I’m what you might call a soft environmentalist.
I worry about climate change. I applaud those who went to jail to protect the rainforests. I try not to use plastic bags. I detest what’s happening to the dolphins. Everything I’ve seen and heard about the tar sands frightens me.
In moments of weakness, I even think the carbon tax isn’t such a bad thing.
Some day, before the trees are all gone, the ice cap has melted and the oceans have become fetid cesspools, I hope we’ll stop the insanity. Hoping, I know, isn’t good enough.
Modern environmentalists want either-or answers, now. They want us to stop making lumber and driving gas-powered cars, period.
Everybody must go green. Even City Hall is on the bandwagon, writing “sustainability” into every new planning document. Now they’re even talking about setting rules for wind power.
The role of municipal governments in alternative energy sources isn’t clear. Earlier this year the TNRD mused about run-of-river projects and proposals for wind turbines in the Nicola Valley, and how it doesn’t really have much authority to regulate them.
One of the biggest fans of alternative energy is Coun. Donovan Cavers. I like that he takes the bus and rides his bike. He’s all about setting an example, sending a message. Sometimes, though, the logic of what he says escapes me.
This week, he talked to the downtown Rotary club about setting up “hard boundaries” around the city. When I heard that, I envisioned a chain-link fence, but Cavers assures me there would be no fence, “no moat.”
What he wants is growth that goes “upwards, not outwards.” That doesn’t seem in any way practical to me. Civic planners have been all about containing urban sprawl for a long time now, but nobody thinks you can draw a line on the ground and stop growth.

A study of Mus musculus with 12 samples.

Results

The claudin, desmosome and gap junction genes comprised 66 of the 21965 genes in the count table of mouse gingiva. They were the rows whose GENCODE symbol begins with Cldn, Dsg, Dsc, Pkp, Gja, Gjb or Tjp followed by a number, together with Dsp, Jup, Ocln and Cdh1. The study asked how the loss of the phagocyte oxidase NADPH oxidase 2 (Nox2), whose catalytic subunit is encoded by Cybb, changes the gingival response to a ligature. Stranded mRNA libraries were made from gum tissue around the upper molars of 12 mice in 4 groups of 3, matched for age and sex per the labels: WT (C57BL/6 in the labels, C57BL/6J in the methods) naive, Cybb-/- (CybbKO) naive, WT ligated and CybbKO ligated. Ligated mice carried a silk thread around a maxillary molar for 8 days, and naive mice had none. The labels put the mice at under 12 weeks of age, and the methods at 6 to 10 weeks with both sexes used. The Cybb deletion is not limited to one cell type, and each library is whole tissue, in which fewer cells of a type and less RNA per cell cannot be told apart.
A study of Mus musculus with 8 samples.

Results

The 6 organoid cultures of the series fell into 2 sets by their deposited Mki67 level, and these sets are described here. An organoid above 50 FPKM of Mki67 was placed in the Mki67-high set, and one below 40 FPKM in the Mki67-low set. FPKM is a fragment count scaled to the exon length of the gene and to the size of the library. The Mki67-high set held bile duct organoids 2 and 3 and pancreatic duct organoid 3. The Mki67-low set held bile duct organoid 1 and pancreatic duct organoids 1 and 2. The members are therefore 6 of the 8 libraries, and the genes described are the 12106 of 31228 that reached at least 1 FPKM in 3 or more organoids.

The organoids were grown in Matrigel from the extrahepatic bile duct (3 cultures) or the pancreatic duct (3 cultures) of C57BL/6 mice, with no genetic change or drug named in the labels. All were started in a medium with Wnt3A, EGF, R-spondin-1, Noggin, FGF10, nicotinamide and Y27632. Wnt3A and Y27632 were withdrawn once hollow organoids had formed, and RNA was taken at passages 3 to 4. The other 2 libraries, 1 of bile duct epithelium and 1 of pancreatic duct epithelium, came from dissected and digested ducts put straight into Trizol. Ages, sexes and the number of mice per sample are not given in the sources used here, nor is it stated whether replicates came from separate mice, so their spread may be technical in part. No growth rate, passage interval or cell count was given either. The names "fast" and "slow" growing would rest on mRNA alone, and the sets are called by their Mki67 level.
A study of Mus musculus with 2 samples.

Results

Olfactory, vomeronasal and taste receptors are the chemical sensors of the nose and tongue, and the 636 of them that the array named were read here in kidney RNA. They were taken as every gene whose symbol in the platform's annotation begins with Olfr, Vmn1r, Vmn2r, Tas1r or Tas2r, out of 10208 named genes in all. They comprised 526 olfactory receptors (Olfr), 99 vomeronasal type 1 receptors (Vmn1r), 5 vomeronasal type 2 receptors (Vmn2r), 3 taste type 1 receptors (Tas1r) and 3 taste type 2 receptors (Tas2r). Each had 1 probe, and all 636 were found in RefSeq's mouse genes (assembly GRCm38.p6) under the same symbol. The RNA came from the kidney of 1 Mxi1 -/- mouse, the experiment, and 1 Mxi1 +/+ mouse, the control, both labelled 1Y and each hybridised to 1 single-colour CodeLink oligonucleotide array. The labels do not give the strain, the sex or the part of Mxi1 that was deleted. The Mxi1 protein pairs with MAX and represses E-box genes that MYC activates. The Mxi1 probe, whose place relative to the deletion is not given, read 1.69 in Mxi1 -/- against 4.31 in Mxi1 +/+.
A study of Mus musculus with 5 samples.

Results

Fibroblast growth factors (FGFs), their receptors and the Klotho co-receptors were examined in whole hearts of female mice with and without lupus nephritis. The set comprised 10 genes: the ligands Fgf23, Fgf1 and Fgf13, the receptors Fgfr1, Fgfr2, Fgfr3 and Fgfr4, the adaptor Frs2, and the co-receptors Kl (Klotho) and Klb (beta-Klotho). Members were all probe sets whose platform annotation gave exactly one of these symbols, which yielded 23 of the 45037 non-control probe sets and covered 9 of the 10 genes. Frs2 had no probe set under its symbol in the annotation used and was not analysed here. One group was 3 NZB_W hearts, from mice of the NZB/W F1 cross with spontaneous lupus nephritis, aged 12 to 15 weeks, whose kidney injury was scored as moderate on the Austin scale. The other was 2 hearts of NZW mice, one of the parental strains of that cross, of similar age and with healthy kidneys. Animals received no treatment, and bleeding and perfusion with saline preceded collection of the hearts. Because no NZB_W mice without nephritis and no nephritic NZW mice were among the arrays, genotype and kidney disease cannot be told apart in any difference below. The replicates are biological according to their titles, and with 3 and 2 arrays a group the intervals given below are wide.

But back to wind power. Cavers envisions turbines on the ridgelines around the city, capturing the power of the wind as it sweeps up the hillsides.
“Some people think they’re ugly, but personally I think they look nice,” he confesses.
Harnessing nature sounds good in theory. In her recent book, This Crazy Time, Greenpeacer Tzeporah Berman points out that Denmark now produces 20 per cent of its energy needs with “endless rows of windmills.”
Economist Jeff Rubin, in The End of Growth, also acknowledges the 20-per-cent number. But he points out that the other 80 per cent of Denmark’s power supply comes from coal, the dirtiest of all fuels. All those wind turbines are for show.
Wind power’s opponents claim it’s too expensive, too noisy, too inefficient, hell on birds and just damn ugly. My vision for Kamloops doesn’t include wind turbines lining the hilltops. The upside is that it’s not likely to happen any time soon.
Canada produces only one per cent of its energy with wind, compared to Denmark’s 20. Kamloops isn’t blessed with the wide-open real estate needed for wind farms, so if the rest of Canada can only make a one-per-cent dent in its energy needs with wind, full-scale wind farms here are unlikely.
I salute the determination of those looking for answers whether it be in the air, the rivers, the sun or in cow poop, but in the meantime I’ll just keep car pooling now and then and shopping with my re-usable bags.